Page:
Niger Delta evictions could make over 200,000 homeless

28 Oct 2010

NAIROBI  – More than 200,000 poor waterfront residents in the Nigerian oil hub of Port Harcourt face losing their homes in forced and potentially violent evictions planned by the local government under a scheme to clean up the troubled city, a report from Amnesty International said on Thursday.

The rights group is concerned that protesting residents could be injured or killed in skirmishes with the security forces who will be deployed alongside the bulldozers. It called on local authorities to suspend the evictions until they meet international human rights standards.

The Rivers State government has already destroyed several of the 40-plus informal settlements on Port Harcourt’s waterfront as part of a major urban redevelopment project launched in 2009.

“The evictions are increasingly being accompanied by an excessive use of force by Nigerian security forces,” Amnesty researcher Lucy Freeman told AlertNet.

Last year, police killed one person and shot 12 others at Bundu, one of the largest waterfront settlements, when residents demonstrated against plans to demolish their homes.

Once-vibrant Port Harcourt is the main city in Nigeria’s oil-rich Niger Delta, but in recent years it has been beset by violent crime linked with militant gangs, who had stepped up their fight to secure a greater share of profits from the oil industry before an amnesty programme that began last year.

There are no accurate figures for how many people live in Port Harcourt’s waterfront areas, but estimates range from 200,000 to some half a million, according to the Amnesty report.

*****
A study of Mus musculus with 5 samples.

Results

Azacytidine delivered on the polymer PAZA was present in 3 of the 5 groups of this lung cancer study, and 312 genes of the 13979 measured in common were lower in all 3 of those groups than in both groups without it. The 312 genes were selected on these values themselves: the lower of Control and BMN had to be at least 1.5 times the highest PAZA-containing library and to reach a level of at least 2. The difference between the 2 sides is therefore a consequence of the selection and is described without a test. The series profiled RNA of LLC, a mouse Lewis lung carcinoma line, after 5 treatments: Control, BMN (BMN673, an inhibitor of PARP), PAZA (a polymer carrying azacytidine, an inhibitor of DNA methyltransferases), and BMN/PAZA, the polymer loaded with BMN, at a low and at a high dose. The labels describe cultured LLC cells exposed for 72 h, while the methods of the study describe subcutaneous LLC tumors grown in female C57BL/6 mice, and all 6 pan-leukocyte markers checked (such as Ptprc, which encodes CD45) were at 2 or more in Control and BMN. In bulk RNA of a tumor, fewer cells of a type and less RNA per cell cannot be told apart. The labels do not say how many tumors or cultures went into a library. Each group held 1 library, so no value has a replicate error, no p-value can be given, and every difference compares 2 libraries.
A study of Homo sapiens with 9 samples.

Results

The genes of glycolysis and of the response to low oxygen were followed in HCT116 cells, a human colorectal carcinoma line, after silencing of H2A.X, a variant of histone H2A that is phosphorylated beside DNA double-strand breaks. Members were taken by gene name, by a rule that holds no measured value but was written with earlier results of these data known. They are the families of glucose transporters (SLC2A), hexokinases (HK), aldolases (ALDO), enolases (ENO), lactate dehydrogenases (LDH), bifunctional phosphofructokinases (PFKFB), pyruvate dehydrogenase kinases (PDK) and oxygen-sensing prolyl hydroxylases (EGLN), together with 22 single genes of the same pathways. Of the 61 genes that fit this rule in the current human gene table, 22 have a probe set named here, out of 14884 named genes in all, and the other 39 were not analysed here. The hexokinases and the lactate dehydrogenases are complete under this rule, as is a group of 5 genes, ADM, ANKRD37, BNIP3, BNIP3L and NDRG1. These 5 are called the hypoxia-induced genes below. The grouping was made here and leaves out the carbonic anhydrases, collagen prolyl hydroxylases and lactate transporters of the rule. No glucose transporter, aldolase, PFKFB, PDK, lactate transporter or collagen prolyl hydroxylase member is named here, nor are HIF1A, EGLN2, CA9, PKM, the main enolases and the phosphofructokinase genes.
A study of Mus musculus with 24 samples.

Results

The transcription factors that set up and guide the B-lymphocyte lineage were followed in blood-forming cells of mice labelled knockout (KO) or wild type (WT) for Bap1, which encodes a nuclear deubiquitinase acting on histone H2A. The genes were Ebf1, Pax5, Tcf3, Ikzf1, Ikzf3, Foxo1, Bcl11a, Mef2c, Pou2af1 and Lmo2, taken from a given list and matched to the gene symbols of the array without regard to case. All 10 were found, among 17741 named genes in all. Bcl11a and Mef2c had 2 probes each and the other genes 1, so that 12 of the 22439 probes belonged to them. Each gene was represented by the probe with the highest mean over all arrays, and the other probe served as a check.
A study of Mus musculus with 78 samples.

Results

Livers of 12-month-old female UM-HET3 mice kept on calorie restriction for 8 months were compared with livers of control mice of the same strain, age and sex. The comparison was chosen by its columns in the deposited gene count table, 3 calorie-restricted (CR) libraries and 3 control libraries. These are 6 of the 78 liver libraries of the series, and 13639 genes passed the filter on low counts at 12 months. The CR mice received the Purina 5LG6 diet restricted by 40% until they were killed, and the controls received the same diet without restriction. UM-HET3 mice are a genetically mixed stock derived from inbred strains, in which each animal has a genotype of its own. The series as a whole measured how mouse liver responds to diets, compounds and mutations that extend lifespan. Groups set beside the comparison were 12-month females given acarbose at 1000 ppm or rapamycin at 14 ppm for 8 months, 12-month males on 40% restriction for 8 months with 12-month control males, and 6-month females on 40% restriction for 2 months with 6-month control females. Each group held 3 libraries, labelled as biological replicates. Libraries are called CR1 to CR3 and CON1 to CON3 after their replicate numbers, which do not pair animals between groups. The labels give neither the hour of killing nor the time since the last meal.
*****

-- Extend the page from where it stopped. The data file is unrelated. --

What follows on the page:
In 2009, over 13,000 people were evicted from the waterside Njemanze settlement, losing their homes and, in many cases, their personal property and businesses too.

They did not receive eviction notices, compensation or alternative accommodation, in violation of national and state laws, Amnesty said.

“One year on, many still have nowhere to live,” the group said in a statement, describing the harassment experienced by teenage boys who have been living on the streets since their homes were demolished.

Several families are sleeping on mats on the floor of a local church, while others are staying with friends and relatives.


The authorities have said they will continue to give residents a maximum of seven days’ notice to move, Freeman told AlertNet.

“These planned demolitions are likely to plunge hundreds of thousands of Nigeria’s most vulnerable citizens further into poverty,” Amnesty International’s deputy Africa programme director Tawanda Hondora said in a statement.

“The government should halt the waterfront evictions until they ensure they comply with international human rights standards.”

Amnesty called on the Nigerian authorities to consult the public over the redevelopment of the city – whose population numbers around 1.6 million – and to provide shelter for those due to be displaced.

The United Nations made similar appeals last year, but they were ignored, as was a stay order issued by Nigeria’s Federal High Court.

In a meeting with the community in 2009, the state governor threatened, “policemen will be there with their guns; army will bring their own; air force bring their own; navy will bring their own for me to go and take back my land,” according to the Amnesty report.

Details of the 50-year urban renewal project have not been made public, and property owners on the waterfront are being bought out by the government in a process Freeman described as “murky”. Their tenants, meanwhile, are getting nothing.

According to the United Nations Office of the High Commissioner for Human Rights, people who are forcibly evicted have the right to compensation, genuine consultation, adequate and reasonable notice, information on the proposed evictions and legal aid.

They also have the right to be present during an eviction and to identify the officials carrying it out.

“Nigeria has put in place legislation to protect tenants from unscrupulous landlords,” said Hondora. “It is hypocritical to say the least that once the state government itself becomes a landlord, it flouts its own rules.”